Westerville's water, sewer and refuse-collection rates will go up Jan. 1 following a vote by city council last week.

Westerville's water, sewer and refuse-collection rates will go up Jan. 1 following a vote by city council last week.

The water rate increase will allow the city to deal with increased operating costs and to maintain infrastructure, water utility manager Dick Lorenz told Westerville City Council at its Dec. 14 meeting.

The other increases were necessary, city finance director Jack Winkel said, because the agencies that provide those services to Westerville are raising their rates.

Under a new contract with Rumpke, an increase of $1.75 per household will be in effect as of Jan. 1, Winkel said. The city of Columbus is raising the cost of sanitary-sewer treatment by 2 percent, costing the average Westerville customer an additional 74 cents per month, he said.

The water-rate increase will raise the average monthly residential bill by $1.04, though the impact on bills will depend on monthly water consumption.

Those who pay the minimum $4.45 bill would pay $4.65, a 4.5-percent increase, and the amount for the first 1,500 cubic feet of water consumption would be increased from $1.99 to $2.12, a 6.5-percent increase.

For the next 8,500 cubic feet used, users will pay $1.52, up 8.6 percent from $1.40. For every cubic foot past the 10,000 cubic feet mark, users will pay 92 cents, up 9.5 percent from 84 cents.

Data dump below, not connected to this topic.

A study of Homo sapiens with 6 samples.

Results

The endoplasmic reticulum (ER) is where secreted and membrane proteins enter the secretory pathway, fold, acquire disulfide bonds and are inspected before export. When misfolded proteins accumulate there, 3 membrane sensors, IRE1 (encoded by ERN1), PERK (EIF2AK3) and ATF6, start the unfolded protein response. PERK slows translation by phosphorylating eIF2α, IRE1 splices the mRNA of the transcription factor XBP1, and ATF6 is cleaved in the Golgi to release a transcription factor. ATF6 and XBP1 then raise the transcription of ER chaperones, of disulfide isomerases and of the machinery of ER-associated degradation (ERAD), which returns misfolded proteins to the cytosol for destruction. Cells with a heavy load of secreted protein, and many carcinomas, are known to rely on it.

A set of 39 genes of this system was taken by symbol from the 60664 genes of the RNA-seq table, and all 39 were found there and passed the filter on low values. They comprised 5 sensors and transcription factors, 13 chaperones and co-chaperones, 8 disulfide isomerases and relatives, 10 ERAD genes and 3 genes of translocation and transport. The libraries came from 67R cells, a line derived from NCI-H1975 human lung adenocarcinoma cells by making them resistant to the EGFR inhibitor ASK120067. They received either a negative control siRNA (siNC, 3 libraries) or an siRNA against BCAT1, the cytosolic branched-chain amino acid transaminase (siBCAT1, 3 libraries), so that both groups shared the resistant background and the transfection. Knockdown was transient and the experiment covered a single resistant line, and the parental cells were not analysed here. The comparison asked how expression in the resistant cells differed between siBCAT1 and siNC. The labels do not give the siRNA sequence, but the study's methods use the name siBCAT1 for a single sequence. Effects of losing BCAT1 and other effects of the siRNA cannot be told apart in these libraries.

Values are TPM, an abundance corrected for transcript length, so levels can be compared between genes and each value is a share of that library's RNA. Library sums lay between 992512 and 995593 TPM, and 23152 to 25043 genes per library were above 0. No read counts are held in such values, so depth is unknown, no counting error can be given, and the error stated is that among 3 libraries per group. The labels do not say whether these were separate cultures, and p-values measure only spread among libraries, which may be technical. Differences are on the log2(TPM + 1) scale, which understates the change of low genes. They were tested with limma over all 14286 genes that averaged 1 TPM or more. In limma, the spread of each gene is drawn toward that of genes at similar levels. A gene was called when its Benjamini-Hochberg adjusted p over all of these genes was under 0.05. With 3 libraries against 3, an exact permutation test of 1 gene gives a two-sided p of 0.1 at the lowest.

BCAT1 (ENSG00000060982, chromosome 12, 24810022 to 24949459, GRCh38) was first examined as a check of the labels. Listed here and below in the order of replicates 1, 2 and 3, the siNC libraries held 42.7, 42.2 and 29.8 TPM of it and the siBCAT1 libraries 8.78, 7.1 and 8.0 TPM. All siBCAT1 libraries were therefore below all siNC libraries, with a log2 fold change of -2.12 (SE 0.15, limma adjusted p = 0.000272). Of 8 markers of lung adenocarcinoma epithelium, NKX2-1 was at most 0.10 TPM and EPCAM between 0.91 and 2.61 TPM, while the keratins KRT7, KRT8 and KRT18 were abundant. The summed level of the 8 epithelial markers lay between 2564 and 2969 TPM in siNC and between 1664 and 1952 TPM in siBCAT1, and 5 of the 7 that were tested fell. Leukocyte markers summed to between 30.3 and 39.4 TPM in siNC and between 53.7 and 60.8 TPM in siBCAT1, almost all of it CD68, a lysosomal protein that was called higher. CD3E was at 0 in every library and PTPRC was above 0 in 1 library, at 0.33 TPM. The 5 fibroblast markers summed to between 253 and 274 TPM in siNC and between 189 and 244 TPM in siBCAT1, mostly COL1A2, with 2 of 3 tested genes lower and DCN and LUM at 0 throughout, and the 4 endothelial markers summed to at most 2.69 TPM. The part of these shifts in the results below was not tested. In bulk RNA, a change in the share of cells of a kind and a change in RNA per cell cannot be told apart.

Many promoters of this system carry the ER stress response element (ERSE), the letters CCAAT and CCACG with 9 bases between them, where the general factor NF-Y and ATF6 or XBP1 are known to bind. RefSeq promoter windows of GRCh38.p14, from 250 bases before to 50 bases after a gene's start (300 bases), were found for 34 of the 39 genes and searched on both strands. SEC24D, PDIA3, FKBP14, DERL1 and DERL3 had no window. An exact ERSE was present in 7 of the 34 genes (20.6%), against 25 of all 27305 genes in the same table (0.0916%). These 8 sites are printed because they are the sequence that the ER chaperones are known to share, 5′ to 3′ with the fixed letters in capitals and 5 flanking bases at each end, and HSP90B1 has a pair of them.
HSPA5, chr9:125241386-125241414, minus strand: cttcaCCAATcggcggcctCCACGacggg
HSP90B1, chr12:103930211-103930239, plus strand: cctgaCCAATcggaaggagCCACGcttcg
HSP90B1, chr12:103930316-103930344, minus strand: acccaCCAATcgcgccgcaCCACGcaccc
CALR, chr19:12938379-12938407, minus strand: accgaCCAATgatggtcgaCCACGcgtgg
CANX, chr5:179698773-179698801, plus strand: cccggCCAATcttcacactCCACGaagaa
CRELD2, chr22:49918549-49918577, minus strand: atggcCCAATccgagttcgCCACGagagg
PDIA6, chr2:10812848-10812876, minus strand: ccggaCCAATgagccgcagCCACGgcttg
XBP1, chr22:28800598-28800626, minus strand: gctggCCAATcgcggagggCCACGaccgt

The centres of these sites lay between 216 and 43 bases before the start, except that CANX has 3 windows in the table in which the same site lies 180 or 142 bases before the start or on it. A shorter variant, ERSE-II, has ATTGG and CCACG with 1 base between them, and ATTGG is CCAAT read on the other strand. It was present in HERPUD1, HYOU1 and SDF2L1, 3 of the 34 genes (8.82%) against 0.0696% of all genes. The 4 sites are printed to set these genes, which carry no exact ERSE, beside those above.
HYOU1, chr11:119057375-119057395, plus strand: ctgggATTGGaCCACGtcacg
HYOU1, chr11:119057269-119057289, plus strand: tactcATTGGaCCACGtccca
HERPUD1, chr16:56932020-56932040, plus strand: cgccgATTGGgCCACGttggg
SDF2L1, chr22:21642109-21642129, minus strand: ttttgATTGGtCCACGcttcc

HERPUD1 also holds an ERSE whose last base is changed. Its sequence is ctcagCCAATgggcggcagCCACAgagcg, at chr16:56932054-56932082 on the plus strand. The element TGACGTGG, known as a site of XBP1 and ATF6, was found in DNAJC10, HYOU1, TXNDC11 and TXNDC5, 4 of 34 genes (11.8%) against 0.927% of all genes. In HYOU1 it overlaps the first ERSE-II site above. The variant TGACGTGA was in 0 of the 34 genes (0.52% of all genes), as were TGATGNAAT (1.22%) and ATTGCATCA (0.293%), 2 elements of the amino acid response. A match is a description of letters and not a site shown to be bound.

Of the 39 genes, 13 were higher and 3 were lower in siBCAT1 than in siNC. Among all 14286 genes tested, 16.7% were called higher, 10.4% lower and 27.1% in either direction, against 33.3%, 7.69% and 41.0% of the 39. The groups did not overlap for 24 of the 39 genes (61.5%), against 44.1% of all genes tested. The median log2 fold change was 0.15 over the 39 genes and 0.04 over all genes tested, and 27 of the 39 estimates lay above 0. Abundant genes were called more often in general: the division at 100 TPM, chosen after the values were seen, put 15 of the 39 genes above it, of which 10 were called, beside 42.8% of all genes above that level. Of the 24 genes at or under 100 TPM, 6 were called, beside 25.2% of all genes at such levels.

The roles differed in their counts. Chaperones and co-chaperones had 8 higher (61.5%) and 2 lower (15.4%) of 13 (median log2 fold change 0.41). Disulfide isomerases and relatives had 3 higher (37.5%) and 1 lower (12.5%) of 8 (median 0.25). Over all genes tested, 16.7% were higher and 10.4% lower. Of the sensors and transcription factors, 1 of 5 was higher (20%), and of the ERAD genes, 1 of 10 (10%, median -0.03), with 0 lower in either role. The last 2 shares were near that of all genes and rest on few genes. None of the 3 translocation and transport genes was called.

Those increases will raise the average monthly residential water bill from $15.92 to $16.96, Winkel said.

The rate increases will raise revenue for the water department by a projected 7 percent, or by an additional $192,000 per year.

Even with the water-rate increase, Lorenz said Westerville will maintain one of the lowest water costs in central Ohio. Residents will be notified of the increases via the city's Web site and through letters sent out with utility bills.

Also at the Dec. 14 meeting, council passed a $158.19-million total budget for 2010. The final budget reflects $1.71-million less in spending than the proposal originally presented by city staff earlier this year.

Though the 2010 budget marks a $22.23-million increase in spending over the 2009 budget, all proposed staffing increases were eliminated, a pedestrian bridge project was taken out of the capital improvement plan and the street improvement plan was reduced by $250,000.

City manager Dave Collinsworth said a modest budget is necessary because of decreased revenues in several areas, including state funding and investments, as well as a lower-than-expected collection from the city's income-tax increase.

Revenue projections could increase if the economy begins to improve, Collinsworth said, and the city will monitor that in 2010 to see if it will be possible to hire additional staff members where needed.

With the 2010 budget and five-year financial plan that was approved, Collinsworth said Westerville is set to have an estimated $400,000 positive balance at the end of fiscal year 2014.